The lower the frictional resistance of an aircraft in the air, the lower the fuel consumption. Using nature as a role model, the aviation industry has been intensively researching ways to reduce aerodynamic drag for many years. Now Lufthansa Technik and BASF have succeeded in making the breakthrough as part of a joint project.
AeroSHARK, a surface film that mimics the fine structure of a shark’s skin, is to be rolled out on Lufthansa Cargo’s entire freighter fleet from the beginning of 2022, making the aircraft more economical and reducing emissions.
The surface structure consists of riblets measuring around 50 micrometers which imitates the properties of sharkskin and therefore optimizes the aerodynamics on flow-related parts of the aircraft.
This means that less fuel is needed overall. For Lufthansa Cargo’s Boeing 777F freighters, Lufthansa Technik estimates a drag reduction of more than one percent. For the entire fleet of ten aircraft, this translates to annual savings of around 3,700 tons of kerosene and just under 11,700 tons of CO2 emissions, which is the equivalent of 48 individual freight flights from Frankfurt to Shanghai.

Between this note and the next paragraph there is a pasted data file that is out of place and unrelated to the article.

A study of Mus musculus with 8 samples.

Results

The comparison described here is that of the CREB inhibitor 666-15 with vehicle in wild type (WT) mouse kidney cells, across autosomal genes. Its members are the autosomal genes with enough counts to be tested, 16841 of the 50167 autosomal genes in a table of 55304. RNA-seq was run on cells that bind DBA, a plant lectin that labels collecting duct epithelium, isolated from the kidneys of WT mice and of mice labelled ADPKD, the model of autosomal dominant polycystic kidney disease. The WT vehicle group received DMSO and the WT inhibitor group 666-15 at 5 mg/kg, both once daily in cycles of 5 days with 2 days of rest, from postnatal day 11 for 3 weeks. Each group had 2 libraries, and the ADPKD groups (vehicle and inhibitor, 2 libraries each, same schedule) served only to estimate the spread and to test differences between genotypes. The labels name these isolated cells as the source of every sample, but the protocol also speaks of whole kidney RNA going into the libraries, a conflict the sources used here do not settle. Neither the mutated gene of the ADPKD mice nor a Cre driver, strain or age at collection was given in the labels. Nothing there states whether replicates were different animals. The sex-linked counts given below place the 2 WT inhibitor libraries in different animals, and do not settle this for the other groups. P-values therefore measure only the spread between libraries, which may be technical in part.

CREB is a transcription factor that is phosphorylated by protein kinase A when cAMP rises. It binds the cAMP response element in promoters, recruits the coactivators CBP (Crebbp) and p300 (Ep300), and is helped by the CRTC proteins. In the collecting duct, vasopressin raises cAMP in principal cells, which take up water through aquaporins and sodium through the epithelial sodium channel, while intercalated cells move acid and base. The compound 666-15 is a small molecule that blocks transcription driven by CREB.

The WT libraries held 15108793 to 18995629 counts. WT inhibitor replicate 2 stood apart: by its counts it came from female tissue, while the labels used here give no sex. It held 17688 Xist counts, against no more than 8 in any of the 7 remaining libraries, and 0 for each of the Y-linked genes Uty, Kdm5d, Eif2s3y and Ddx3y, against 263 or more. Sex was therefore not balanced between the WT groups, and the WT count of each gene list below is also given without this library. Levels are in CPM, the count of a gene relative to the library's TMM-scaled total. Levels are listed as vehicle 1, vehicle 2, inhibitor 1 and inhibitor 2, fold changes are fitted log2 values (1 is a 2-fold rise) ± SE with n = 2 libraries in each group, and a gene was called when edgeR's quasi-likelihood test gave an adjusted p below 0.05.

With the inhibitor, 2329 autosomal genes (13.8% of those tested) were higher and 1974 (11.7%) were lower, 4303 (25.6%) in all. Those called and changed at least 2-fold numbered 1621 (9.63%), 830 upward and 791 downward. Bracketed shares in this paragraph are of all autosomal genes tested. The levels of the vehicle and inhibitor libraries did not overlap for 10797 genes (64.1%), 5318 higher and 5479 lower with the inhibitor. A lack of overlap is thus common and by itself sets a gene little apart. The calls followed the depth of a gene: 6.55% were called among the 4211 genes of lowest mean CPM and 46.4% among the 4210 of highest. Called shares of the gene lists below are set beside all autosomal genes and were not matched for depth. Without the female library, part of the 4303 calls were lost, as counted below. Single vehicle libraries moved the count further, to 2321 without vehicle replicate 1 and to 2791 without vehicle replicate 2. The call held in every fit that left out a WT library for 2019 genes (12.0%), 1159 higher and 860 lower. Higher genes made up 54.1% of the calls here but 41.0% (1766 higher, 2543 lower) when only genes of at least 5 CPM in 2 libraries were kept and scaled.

“Responsibility for the environment and society is a key strategic topic for us,” says Christina Foerster, Member of the Executive Board of Deutsche Lufthansa AG with responsibility for sustainability. “We have always played a leading role in introducing environmentally friendly technologies. The new sharkskin technology for aircraft shows what strong and highly innovative partners can achieve collectively for the environment. This will help us to achieve our goal of climate neutrality by 2050.”
In its cooperation with BASF, Lufthansa Technik is responsible for the material specification, approval by the aviation authorities and performance of aircraft modifications carried out as part of regular maintenance layovers. Backed by decades of experience as an approved aviation design organization, the company will obtain a Supplemental Type Certificate (STC) for the 777F from the European Union Aviation Safety Agency (EASA), which is required for operation.